To illustrate the growing important of FBI Bassem Youssef's case, below is today's
New York Times article that further elaborates how close he came two months
before the attack to interviewing a witness with information about bin Laden -- and
how he was thwarted by his own department.
July 19, 2003
Arab - American FBI Agent Sues Agency
By THE ASSOCIATED PRESS
Filed at 6:45 p.m. ET
WASHINGTON (AP) -- A high-ranking Arab-American FBI agent is taking the bureau
to court, accusing it of racial discrimination for freezing him out of the Sept. 11
The suit described agent Bassem Youssef as the only polygraph examiner qualified to
conduct interviews in Arabic, with extensive experience and Middle Eastern contacts
culled from his days with the FBI in Saudi Arabia.
Yet, the complaint said, he was kept away from any substantial investigations related to
the hijacking attacks on New York and Washington.
``No other non-Arab FBI employee with similar background and experience in
counterterrorism was willfully blocked from working 9-11 related matters,'' according to
the complaint. ``In fact, numerous non-Arab FBI employees with far less experience and
expertise in counterterrorism were assigned to 9-11 related work.''
Calls to the FBI and the Justice Department were not returned Saturday.
Youssef's attorney, Stephen Kohn, said his client was sidelined for no good reason.
``What you want is the most qualified person and the most qualified person was not
permitted to work on the most important criminal prosecution in American history,''
The lawsuit was filed Friday at the U.S. District Court for the District of Columbia.
Youssef alleges the agency has a ``glass ceiling'' regarding the promotion of U.S. citizens
born in Arab countries. Youssef, a naturalized American citizen, was born in Egypt.
His work with the agency began in 1988. The lawsuit said he received an ``exceptional''
performance review for his work in Saudi Arabia, a coveted counterterrorism honor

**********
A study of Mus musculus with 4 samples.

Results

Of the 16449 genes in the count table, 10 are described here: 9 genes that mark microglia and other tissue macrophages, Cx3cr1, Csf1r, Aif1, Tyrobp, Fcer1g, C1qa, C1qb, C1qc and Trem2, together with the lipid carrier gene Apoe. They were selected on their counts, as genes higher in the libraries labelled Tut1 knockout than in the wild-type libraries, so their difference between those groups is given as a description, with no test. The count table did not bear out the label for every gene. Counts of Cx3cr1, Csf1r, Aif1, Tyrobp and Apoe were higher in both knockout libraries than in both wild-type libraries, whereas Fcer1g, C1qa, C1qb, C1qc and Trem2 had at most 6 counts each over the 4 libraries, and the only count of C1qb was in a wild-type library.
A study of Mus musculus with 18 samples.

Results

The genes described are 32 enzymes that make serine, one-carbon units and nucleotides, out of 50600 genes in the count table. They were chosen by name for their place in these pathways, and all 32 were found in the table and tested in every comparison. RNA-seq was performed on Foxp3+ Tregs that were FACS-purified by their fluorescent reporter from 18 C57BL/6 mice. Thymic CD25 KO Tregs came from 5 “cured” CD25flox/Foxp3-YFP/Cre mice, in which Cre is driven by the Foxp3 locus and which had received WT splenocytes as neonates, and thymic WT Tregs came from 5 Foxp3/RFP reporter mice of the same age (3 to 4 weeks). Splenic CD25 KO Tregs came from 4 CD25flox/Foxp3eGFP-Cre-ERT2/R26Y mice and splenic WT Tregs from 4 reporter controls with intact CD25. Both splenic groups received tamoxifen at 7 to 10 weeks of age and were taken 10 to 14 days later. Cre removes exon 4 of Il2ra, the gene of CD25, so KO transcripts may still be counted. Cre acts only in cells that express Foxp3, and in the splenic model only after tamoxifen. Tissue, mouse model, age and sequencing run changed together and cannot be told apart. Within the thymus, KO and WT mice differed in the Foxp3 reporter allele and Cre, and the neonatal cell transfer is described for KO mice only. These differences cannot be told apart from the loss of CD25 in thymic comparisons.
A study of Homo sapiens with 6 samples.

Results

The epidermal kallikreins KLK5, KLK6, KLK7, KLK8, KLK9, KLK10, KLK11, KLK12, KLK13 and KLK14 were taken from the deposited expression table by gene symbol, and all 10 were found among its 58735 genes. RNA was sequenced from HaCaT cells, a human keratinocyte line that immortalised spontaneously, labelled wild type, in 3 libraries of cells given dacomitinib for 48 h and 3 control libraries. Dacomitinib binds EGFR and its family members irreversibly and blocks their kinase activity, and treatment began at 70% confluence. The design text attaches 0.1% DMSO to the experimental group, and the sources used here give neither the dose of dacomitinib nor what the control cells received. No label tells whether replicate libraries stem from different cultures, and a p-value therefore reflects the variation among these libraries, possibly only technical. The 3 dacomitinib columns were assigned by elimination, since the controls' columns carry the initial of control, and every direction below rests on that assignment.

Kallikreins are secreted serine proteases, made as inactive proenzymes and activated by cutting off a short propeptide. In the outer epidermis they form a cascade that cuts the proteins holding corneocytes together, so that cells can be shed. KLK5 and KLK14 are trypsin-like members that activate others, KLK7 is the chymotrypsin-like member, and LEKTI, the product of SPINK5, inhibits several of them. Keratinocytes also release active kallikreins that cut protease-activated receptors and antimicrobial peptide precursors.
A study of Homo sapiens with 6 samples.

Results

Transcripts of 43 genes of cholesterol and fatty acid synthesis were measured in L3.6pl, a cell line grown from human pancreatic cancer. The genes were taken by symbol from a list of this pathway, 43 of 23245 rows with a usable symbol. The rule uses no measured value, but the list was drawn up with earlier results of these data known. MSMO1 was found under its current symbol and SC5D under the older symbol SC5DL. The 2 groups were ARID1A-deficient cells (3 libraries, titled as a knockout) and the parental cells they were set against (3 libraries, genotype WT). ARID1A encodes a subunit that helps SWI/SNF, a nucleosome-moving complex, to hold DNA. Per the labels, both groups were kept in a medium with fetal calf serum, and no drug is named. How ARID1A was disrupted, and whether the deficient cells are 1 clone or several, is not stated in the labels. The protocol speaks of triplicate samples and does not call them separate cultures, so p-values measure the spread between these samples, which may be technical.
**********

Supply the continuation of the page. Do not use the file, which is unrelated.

called the Director of Central Intelligence Award, and praise for his investigative efforts
during congressional testimony from former FBI Director Louis Freeh.
However, the complaint said, Youssef became aware of the alleged bias after returning
from Saudi Arabia in 2000. Youssef, who is a currently a unit supervisor at FBI
headquarters in Washington, contends he has been prevented from reaching the higher
management level of officials who run day-to-day operations solely because of his
Beyond the allegations of bias, the lawsuit claimed that the treatment of Youssef
undermined counterterrorism efforts before the 2001 hijacking attacks.
For example, the complaint said, two months before Sept. 11, a ``walk-in'' at one of the
FBI's field offices said he had significant information about terrorist leader Osama bin
Laden. The lawsuit said the field office requested that Youssef debrief the walk-in
because of his expertise, but he did not end up handling the interview. The possible
informant left without revealing whatever information he may have had, according to the
Kohn said the FBI has to ``aggressively root out bigotry in the agency and not further
retaliate against Youssef.''
His client is seeking monetary damages and placement in higher management at the
agency. Youssef also wants an injunction against any reprisal actions by the FBI.